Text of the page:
Flying reptile from age of dinosaurs discovered by Leicester experts
A new type of flying reptile from the age of the dinosaurs has been discovered by researchers from the University of Leicester, it was announced today.
Scientists claim the new type of pterosaur, named Darwinopterus, could rank in the top 10 dinosaur era finds alongside the Tyrannosaurus rex and Archaeoptrex. The creature was about the size of a crow, and lived in the Mesozoic era (220 to 65 million years ago).
Its discovery has provided the first clear evidence of an unusual and controversial type of evolution, say the Leicester researchers.
It was found in the Chinese province of Liaoning earlier this year and is thought to be a missing link between two types of pterosaurs – the primitive long-tailed forms and their short-tailed descendants which were first identified by Charles Darwin.
They pre-date the first bird, Archaeoptrex, by more than 10 million years.
Dr David Unwin, from the university's School of Museum Studies, who was part of the research team which identified the pterosaur, said: "Darwinopterus came as quite a shock to us. I would say it is going to be in the top 10 finds if not ever, at least in recent years."
More than 20 fossil skeletons of Darwinopterus have now been found in rocks that are 160 million years old. Its long jaws, rows of sharp-pointed teeth and rather flexible neck suggest that it might have been hawk-like, catching and killing other flying creatures.
Dr Unwin, whose work was published today in Proceedings of the Royal Society B: Biological Sciences, added: "You always hope that you will be involved in something spectacular and this feels like it is."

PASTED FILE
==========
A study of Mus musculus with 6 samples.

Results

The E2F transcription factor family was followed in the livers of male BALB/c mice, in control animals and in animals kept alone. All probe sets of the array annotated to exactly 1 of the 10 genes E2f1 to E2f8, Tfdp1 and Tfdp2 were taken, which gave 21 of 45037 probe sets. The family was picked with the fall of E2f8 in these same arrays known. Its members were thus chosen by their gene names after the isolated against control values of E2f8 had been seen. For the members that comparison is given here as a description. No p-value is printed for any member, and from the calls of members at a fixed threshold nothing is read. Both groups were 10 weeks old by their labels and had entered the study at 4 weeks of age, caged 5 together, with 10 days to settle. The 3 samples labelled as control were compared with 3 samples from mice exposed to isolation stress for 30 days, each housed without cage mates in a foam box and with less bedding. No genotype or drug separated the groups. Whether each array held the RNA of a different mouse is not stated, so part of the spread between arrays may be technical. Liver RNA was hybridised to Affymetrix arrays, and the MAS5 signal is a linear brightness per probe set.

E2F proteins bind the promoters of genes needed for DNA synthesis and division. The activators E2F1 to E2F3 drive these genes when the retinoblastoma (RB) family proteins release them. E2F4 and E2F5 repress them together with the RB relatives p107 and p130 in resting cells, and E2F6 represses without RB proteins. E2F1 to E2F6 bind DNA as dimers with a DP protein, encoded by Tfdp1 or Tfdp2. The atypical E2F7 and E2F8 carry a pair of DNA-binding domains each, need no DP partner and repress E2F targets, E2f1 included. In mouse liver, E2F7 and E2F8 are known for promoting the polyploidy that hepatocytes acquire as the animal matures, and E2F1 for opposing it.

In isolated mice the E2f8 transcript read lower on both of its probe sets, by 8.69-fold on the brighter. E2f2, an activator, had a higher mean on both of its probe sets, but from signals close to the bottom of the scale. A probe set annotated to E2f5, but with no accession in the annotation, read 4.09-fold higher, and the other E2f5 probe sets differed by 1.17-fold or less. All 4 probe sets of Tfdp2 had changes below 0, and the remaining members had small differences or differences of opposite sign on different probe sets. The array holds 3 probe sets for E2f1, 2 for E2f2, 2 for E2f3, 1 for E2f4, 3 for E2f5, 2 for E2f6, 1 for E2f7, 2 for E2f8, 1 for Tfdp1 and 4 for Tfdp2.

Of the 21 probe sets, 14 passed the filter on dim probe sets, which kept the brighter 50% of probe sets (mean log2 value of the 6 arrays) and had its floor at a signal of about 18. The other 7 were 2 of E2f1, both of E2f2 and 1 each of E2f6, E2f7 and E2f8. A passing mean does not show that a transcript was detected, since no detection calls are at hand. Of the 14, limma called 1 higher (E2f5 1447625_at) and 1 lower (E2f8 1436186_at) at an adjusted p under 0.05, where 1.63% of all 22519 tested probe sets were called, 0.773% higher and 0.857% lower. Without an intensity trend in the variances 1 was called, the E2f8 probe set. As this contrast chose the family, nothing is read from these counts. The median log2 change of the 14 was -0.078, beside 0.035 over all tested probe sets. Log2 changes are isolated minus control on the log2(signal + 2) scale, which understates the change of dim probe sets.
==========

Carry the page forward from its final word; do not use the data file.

He said the geological age of Darwinopterus and its combination of advanced and primitive features revealed a lot about the evolution of advanced pterosaurs from their early ancestors.
He said: "We thought any gap filler would have much more intermediate characteristics but the strange thing about Darwinopterus is that it has a head and neck just like that of advanced pterosaurs, while the rest of the skeleton, including a very long tail, is identical to primitive forms."
This theory is known as "modular evolution" because whole groups of features, or modules, appear to evolve together.
If true, it could help explain not just how primitive pterosaurs evolved into more advanced forms, but other cases among animals and plants where "rapid large-scale'' evolution must have taken place.
Dr Unwin said: "It seems that natural selection was acting on and changing entire modules and not, as would normally be expected, just on single features such as the shape of the snout, or the form of a tooth.
"Frustratingly, these events are only rarely recorded by fossils.
"Darwin was acutely aware of this, as he noted in The Origin Of Species, and hoped that one day fossils would help to fill these gaps."
Paleontologist Dr Mark Witton, who has devoted the past four years of his research at the University of Portsmouth to the creature, said: "This is the biggest thing to come along in the since the start of the millennium and poses a lot of fascinating questions."